The Warriors toyed with the Raptors the whole game, as everyone on the Warriors — except for Steph Curry — lit it up from the perimeter.
The Toronto Raptors got a rude welcome from the host Golden State Warriors, who demolished them early in tonight’s game and never looked back, winning 119-104. Tonight’s game against the NBA-best Warriors showed how far the Raptors are from being a competitive team, as the difference in half-court execution, defense, and talent was on full display.
Coach Nick Nurse’s defensive game plan slowed down Steph Curry to a pedestrian 12 points and 8 assists, but that same defense failed to stop everybody else. Andrew Wiggins dropped 32 points on 6/8 shooting from the perimeter, while Jordan Poole led the game with 33 points on 8/11 from behind the arc. The Warriors finished the game with 22 three-pointers, on a 48.9% rate. Draymond Green added 8 assists and 14 rebounds.
The Raptors themselves weren’t bad behind the arc, tying their season-high 15 three-pointers. However, the team got caught playing too much ISO ball when they found so much success by getting in the paint and kicking out and the occasional PnR/DHO actions. Pascal Siakam led the Raptors with 21 points and six rebounds, while Fred VanVleet’s offense surfaced a little too late, dropping 17 points and seven assists.
The Raptors’ offense paled in contrast to the excellent unselfish ball movement with the Warriors. The half-court offense lacked imagination and stagnated a lot and often. I’m not saying that the Raptors have a lot of selfish players, but the Raptors are not that talented enough to rely on individual plays. The Raptors’ ball movement and offensive IQ are far from the team that defeated this Warriors team a few years ago. Right now, the Raptors just have too many players that are closer to Serge Ibaka’s playmaking than Marc Gasol and Kyle Lowry’s unselfishness in getting the ball moving.
The Raptors laboured in the half-court offense to start the game, and their efforts to contain Curry showed plenty of holes defensively. The Warriors’ passing and perimeter shooting got them off to a 16-5 start, with Wiggins and Poole combining for the Warriors’ 16 points. Everything looked easy for the Warriors, as they pushed their lead to 27-9 as Wiggins notches his 14th point. Dalano Banton, with the immediate impact off the bench, put up a quick four points and two assists to spur a 13-5 run to end the quarter, as the Warriors lead 36-24.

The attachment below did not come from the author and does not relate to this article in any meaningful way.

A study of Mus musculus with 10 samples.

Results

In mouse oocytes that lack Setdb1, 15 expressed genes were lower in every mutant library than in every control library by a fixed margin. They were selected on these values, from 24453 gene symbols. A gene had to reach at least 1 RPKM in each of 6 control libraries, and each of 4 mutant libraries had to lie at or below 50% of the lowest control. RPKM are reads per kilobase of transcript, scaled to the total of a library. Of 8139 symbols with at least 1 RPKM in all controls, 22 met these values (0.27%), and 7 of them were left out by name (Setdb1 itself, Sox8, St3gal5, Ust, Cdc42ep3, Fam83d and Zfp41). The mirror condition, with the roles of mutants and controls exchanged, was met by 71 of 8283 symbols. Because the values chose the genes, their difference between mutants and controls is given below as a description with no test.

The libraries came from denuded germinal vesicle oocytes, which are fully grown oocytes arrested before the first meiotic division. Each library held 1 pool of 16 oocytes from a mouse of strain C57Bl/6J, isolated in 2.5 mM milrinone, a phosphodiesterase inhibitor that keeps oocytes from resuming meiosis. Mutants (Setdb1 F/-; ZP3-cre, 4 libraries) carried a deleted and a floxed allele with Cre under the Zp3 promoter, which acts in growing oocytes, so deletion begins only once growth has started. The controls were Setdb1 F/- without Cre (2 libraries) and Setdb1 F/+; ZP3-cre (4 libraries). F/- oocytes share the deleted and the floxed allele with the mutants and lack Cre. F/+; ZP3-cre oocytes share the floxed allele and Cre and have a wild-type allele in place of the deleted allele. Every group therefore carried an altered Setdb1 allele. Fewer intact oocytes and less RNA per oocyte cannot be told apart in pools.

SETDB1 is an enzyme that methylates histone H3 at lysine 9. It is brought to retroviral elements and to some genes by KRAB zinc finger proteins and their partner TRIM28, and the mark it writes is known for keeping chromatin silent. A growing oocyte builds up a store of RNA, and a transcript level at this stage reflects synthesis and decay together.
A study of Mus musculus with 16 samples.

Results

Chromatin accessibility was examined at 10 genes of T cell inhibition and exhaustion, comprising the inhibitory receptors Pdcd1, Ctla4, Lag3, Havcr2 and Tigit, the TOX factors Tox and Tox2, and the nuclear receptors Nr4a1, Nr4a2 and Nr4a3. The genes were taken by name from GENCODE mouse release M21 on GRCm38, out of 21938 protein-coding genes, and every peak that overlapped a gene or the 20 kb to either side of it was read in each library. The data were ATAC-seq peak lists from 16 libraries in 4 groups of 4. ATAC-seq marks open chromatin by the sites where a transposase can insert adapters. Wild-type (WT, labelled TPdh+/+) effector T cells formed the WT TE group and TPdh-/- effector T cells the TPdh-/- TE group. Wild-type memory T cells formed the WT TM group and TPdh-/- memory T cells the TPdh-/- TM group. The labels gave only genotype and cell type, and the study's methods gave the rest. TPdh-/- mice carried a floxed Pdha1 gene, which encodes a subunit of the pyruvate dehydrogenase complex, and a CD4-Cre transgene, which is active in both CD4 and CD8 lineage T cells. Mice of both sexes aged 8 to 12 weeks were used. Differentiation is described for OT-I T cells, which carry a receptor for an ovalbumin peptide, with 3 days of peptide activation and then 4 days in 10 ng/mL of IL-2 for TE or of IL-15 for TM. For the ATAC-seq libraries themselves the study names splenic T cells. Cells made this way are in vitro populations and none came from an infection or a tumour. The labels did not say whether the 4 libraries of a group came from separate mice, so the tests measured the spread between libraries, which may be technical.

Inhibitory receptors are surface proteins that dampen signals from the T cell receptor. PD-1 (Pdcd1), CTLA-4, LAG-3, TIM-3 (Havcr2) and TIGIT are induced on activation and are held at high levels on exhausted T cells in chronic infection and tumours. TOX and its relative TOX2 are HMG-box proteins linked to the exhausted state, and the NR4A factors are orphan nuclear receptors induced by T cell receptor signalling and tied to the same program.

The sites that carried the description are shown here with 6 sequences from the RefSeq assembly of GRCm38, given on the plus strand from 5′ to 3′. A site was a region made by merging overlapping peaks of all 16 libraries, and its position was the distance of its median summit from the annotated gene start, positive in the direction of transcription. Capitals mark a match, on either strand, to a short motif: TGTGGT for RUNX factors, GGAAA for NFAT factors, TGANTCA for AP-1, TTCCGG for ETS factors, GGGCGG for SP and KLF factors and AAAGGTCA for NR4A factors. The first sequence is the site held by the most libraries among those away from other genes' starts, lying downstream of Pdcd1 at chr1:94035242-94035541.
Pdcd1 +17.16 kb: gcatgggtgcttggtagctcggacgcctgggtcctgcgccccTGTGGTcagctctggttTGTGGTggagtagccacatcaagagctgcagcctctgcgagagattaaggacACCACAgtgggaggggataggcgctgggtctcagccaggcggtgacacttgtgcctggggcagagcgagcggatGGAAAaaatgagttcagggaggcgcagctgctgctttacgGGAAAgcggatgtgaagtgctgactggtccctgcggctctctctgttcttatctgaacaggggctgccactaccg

The Raptors managed to cut the lead to single-digit a couple of times. Still, their inability to keep the Warriors from getting a wide-open look behind the arc prevented them from making this a competitive game. Otto Porter Jr found Kevon Looney under the basket to put the Warriors up 49-32, but the Raps would go on a 9-4 run to stop me from creating an early “Raps lost” summary before halftime. Chris Chiozza’s (who?) five straight points sandwiched Trent Jr’s three-pointer, and it looked like the Warriors were poised to blow this game away, but Barnes found Siakam for a trifecta to keep it somewhat of a game with the Raptors trailing 47-61 at the half.
The third quarter looked promising for the Raptors, as Siakam hit back-to-back three-pointers to help the Raptors go on an 8-3 run the bring the lead down to nine. Wiggins would put a stop to that run as he hits his 6th three-pointer in a row. The Warriors would get their bearings back and showed the Raptors how to move the ball and execute their offense, as they would push the lead to 19. Barnes hit his third three-pointer of the season, but he picked up his fourth foul on Kevon Looney’s layup attempt.
— Toronto Raptors (@Raptors) November 22, 2021
Unlike in the first half, the foul trouble did not negatively affect Barnes. Instead, he looked more aggressive, scoring five more points in consecutive possessions. Unfortunately, the Warriors’ snipers were unstoppable tonight, as Poole dropped three bombs from behind the arc, pushing the Warriors’ lead to 89-69. VanVleet would come alive and score five quick points to help the Raptors go on a fake 8-3 run to finish the third frame, with a “manageable” deficit of 77-92.
Coach Nurse looked like he was just throwing things at the wall and seeing what sticks; he inserted Malachi Flynn to start the quarter, going with an all-bench lineup. The Warriors took advantage of the Raptors’ inexperienced lineup, pushing the lead back up to 18. There seems to be something with death, taxes, and Flynn needing to shake off early jitters. Once Flynn warmed up, he made a mark right away when he stole the ball from Curry and found a cutting Chris Boucher for a layup in one sequence. The next play down, he found a cutting Precious Achiuwa for an “And-1.”
VanVleet’s back-to-back threes cut the Warriors’ lead to 103-93, but the Raptors would hit a wall, and the Warriors would go on an 11-0 run. The Raptors failed to recover, and that’s game—yet another game at the hands of poor half-court offense, and even worse defense. But hey, at least the “janky defense” held Curry to 12 points on 2/10 shooting, including 1/6 behind the arc, to keep Nurse’s reputation intact.
Up Next: The Toronto Raptors continue their road trip with a stop in Memphis against the Grizzlies.